Understanding and Managing risk in the global supply chain
Good logistics is about detailed planning and anticipation. All supply chains are subject to external
threats which could cause your business big issues. One unforeseen issue could throw your entire
operation into disarray (and do some significant reputational damage with your clients). Accordingly,
while it is unreasonable and impossible to expect every scenario to be anticipated, it is important to look
at the most important supply chain risks and produce a contingency plan in the event they happen.
Within this article we will explore the main risks to any global supply chain.
Logistics even restricted to one country can have many risks that threaten successful operation. When
that is expanded to multiple countries, the risks become more complex and also interlinked. For
example, you may be due a container of a certain product in Calais, but the French port authorities are
on strike so there is a delay. You finally get the shipment through the port and it is due to go to the UK
by cargo ship, however due to people trying to illegally cross into the UK from Calais, the cargo ships are
all delayed for additional vehicle searches. This is just one example but you can see that when goods are
travelling many miles and being handed off multiple times it is a complex risk to manage safe and timely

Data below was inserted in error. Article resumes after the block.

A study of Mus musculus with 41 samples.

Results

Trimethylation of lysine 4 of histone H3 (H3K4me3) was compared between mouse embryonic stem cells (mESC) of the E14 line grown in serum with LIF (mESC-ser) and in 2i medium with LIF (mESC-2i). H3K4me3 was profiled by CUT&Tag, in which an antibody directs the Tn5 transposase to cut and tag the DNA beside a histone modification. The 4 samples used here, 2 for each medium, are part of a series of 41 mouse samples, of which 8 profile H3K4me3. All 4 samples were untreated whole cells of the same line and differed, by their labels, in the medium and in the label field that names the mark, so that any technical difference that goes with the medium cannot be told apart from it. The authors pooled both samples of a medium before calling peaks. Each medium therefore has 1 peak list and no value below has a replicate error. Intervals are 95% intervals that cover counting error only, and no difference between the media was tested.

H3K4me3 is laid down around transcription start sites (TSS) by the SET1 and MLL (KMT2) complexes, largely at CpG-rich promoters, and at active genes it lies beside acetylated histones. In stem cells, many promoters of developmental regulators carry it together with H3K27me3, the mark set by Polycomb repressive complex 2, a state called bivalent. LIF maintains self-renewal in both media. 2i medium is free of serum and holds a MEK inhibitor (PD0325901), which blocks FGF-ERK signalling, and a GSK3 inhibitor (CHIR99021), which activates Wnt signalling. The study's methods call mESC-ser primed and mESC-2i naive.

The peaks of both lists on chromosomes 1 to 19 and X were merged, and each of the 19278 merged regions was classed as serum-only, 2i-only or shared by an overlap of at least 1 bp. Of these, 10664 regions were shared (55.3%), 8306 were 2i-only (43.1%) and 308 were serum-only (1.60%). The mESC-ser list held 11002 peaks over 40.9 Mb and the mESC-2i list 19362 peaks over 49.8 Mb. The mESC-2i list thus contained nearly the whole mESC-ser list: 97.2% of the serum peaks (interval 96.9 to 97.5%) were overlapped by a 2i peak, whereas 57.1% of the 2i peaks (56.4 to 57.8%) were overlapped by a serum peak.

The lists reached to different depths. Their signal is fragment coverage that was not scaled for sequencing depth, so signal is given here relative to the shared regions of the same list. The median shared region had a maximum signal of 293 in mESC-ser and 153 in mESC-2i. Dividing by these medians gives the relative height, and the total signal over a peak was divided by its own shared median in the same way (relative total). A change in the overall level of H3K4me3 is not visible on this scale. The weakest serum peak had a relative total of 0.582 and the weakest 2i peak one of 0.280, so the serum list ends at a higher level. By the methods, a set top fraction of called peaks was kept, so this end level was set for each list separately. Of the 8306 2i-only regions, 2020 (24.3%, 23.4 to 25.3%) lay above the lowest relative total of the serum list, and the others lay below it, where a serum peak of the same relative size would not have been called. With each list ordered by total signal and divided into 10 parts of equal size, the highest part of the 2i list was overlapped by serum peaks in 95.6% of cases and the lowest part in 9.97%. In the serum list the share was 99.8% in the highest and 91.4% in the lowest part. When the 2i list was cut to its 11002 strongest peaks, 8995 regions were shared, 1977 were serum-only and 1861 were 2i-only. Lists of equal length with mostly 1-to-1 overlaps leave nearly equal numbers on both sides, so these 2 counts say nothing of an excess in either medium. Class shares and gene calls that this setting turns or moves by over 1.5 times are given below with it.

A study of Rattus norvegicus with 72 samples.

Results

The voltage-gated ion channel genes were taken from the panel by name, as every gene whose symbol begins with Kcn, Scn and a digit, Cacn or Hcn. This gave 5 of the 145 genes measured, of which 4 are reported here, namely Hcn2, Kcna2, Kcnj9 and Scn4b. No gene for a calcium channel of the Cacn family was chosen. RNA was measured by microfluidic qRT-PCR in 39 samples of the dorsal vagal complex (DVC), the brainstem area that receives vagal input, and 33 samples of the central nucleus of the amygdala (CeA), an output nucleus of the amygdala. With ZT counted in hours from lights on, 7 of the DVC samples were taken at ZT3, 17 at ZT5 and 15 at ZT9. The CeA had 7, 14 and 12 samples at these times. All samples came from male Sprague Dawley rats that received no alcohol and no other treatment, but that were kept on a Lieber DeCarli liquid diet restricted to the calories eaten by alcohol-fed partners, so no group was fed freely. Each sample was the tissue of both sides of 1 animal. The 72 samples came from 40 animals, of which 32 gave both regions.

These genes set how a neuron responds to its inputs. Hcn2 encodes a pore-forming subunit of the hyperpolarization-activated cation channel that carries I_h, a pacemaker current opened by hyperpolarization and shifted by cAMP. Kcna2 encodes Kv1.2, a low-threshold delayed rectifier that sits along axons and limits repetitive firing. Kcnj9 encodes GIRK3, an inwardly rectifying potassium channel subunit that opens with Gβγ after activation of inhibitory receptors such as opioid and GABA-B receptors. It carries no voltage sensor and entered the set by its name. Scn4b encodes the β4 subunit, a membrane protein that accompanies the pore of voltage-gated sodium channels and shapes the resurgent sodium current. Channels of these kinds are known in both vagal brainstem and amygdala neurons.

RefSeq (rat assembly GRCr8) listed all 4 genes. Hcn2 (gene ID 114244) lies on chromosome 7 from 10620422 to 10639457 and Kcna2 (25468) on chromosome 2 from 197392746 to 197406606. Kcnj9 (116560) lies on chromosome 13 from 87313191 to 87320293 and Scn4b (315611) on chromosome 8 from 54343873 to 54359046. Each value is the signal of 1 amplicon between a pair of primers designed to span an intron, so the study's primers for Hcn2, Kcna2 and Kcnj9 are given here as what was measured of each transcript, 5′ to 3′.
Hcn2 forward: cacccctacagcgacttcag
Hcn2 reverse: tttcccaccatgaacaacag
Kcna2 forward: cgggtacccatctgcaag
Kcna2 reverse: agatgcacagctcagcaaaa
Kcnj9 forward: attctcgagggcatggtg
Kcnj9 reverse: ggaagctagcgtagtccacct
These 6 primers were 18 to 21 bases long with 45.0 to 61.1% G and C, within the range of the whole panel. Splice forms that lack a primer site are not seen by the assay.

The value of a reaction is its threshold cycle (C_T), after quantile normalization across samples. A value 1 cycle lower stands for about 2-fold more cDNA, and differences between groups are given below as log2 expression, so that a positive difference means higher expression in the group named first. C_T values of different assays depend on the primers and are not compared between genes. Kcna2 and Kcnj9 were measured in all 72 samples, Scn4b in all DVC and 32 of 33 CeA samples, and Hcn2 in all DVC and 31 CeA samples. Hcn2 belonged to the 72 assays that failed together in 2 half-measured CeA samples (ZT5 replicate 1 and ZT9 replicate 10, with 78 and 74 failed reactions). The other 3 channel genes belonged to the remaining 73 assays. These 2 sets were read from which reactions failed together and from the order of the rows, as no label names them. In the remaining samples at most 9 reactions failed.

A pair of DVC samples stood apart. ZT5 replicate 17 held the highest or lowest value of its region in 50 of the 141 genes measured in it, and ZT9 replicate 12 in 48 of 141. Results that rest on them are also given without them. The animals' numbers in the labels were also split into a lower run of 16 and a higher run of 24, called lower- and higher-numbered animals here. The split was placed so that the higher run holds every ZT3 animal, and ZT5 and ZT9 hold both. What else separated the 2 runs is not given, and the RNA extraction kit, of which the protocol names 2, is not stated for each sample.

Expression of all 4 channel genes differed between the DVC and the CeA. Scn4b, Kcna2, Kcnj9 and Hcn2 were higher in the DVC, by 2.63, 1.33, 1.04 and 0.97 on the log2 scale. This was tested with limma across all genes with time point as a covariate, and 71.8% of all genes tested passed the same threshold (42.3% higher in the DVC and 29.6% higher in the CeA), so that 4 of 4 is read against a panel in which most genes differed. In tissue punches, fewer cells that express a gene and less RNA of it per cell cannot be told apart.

If you are not operating within one unified economy, then you will be subject to the following:
- Exchange rate fluctuations
- Taxes such as VAT and customs duties
- Country trade agreements
These macro issues should be easier to predict as there will be trends, patterns, and warning signs. Of
course when there is a catastrophic event such as 9/11 or the global financial crisis that is impossible to
These do not happen frequently and they are very difficult to predict and guard against. Examples are
floods, tsunamis, earthquakes, drought, and terrorist action and so on. It is possible to consider and
evaluate some of these potential risks and to mitigate if you think the scale of the risk is sufficient. For
example, you may have a single warehouse which is fairly close to a large river. It would be prudent to
evaluate the likelihood of the river breaking its banks, and thereafter the likelihood of that water
reaching the warehouse. If the risk is high, you may consider purchasing sand bags, or if the risk is
intolerably high you may consider resituating, or taking on a second warehouse.
As you can see, there are a myriad of risks to consider with respect to managing a global supply chain.
To grow your understanding and skill in the effective identification of risks in the supply chain, you may
want to consider a professional qualification in Supply Chain.